Published: Aug 28, 2010 05:00 PM
Modified: Aug 28, 2010 05:02 PM
A suburb-style subdivision in a century-old neighborhood near the heart of town provides the first exercise for Durham's first Neighborhood Protection Overlay.
Father-daughter developers Glen and Britney Wallace have proposed a 10-house cul-de-sac project near the Shoppes at Lakewood shopping center. Their thickly wooded, 6.6-acre site is in the Tuscaloosa-Lakewood neighborhood, where special zoning protects its tree cover and its mix of house styles, sizes and ages.
That's what attracted the developers, Britney Wallace said.
"The neighborhood itself is very charming and attractive. ... nice neighbors and all that kind of thing."
Those neighbors say they aren't against the project, but they're keeping close watch on it.
"We want this to be something that complements what we have," said Myers Sugg, whose backyard abuts the Bivins Street Subdivision site. "This parcel in particular was in mind when the NPO was created, because it's one of the larger undeveloped parcels we know of."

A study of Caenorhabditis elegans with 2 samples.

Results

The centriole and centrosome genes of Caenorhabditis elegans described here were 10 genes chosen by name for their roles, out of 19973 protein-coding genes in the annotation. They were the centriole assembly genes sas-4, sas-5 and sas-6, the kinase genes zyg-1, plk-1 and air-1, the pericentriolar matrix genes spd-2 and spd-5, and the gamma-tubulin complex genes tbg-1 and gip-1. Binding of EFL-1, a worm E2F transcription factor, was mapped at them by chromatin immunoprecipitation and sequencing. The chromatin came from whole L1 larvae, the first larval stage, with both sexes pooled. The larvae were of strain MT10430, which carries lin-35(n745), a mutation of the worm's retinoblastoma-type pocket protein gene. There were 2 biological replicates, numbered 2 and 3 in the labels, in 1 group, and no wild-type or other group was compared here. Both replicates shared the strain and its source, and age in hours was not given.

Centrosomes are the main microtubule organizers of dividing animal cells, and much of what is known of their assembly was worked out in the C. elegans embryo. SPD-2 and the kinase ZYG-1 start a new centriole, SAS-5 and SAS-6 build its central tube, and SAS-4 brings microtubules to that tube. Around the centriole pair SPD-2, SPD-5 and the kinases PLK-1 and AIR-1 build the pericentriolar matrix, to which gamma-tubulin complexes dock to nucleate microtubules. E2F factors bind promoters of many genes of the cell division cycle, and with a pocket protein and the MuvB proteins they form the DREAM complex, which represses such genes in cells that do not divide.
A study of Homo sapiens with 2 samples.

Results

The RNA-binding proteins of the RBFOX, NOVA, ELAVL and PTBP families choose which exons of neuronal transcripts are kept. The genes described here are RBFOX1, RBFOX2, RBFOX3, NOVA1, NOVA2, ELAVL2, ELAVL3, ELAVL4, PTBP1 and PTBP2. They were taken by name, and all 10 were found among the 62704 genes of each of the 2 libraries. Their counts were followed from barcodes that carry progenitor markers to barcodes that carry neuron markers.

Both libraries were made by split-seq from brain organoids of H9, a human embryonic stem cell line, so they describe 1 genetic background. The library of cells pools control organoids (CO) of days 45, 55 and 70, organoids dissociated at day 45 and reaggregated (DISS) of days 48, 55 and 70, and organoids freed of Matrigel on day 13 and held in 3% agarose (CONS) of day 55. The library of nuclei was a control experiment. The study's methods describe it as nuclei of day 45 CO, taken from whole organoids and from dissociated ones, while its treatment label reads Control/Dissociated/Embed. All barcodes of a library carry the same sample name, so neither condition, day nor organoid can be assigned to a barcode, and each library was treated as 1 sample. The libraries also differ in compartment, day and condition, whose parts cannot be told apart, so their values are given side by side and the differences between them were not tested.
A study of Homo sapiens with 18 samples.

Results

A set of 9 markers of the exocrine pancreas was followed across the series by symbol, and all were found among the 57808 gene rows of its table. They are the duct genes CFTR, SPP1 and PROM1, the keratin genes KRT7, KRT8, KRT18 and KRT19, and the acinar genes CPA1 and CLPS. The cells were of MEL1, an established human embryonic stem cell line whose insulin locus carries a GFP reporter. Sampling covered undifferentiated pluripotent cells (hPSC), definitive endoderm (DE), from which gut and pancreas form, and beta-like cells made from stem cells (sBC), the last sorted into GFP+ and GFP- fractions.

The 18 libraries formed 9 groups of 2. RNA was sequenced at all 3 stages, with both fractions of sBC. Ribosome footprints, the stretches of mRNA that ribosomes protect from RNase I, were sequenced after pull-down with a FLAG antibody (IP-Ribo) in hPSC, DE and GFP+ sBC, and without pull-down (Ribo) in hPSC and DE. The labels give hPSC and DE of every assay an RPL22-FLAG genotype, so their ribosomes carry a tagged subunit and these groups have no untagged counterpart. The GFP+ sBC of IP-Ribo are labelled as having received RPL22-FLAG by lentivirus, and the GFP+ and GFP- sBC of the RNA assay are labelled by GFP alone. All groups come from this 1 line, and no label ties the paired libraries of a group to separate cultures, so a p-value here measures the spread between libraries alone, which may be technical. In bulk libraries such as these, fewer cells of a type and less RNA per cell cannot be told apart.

The City-County Planning Department, though, has already sent the first site plans back for revision, said senior planner Michael Stock, and individual house designs require approval, too.
Tuscaloosa-Lakewood took advantage of the 2006 Unified Development Ordinance allowance for neighborhoods to propose particular building restrictions in the interest of aesthetic and natural preservation. With City Council approval in 2008, its overlay got the force of law. Wallace said the NPO isn't much of a problem.
"The product that we build is a Craftsman bungalow that ... blends well with what's already there," she said.
"Of all the uses they could come up with, what they've planned seems the most compatible" with the neighborhood, said Mike Killam, who also lives next door to the site.
Other neighbors aren't so sure. After a recent meeting with the developers, "People were saying they didn't think cul-de-sac ... really fits right next door to a historic district," said neighborhood association treasurer Susan Sewell. "They suggested ... more diversity of size, more diversity of building materials."
"They were very pleasant," said Wallace. "Had some good ideas."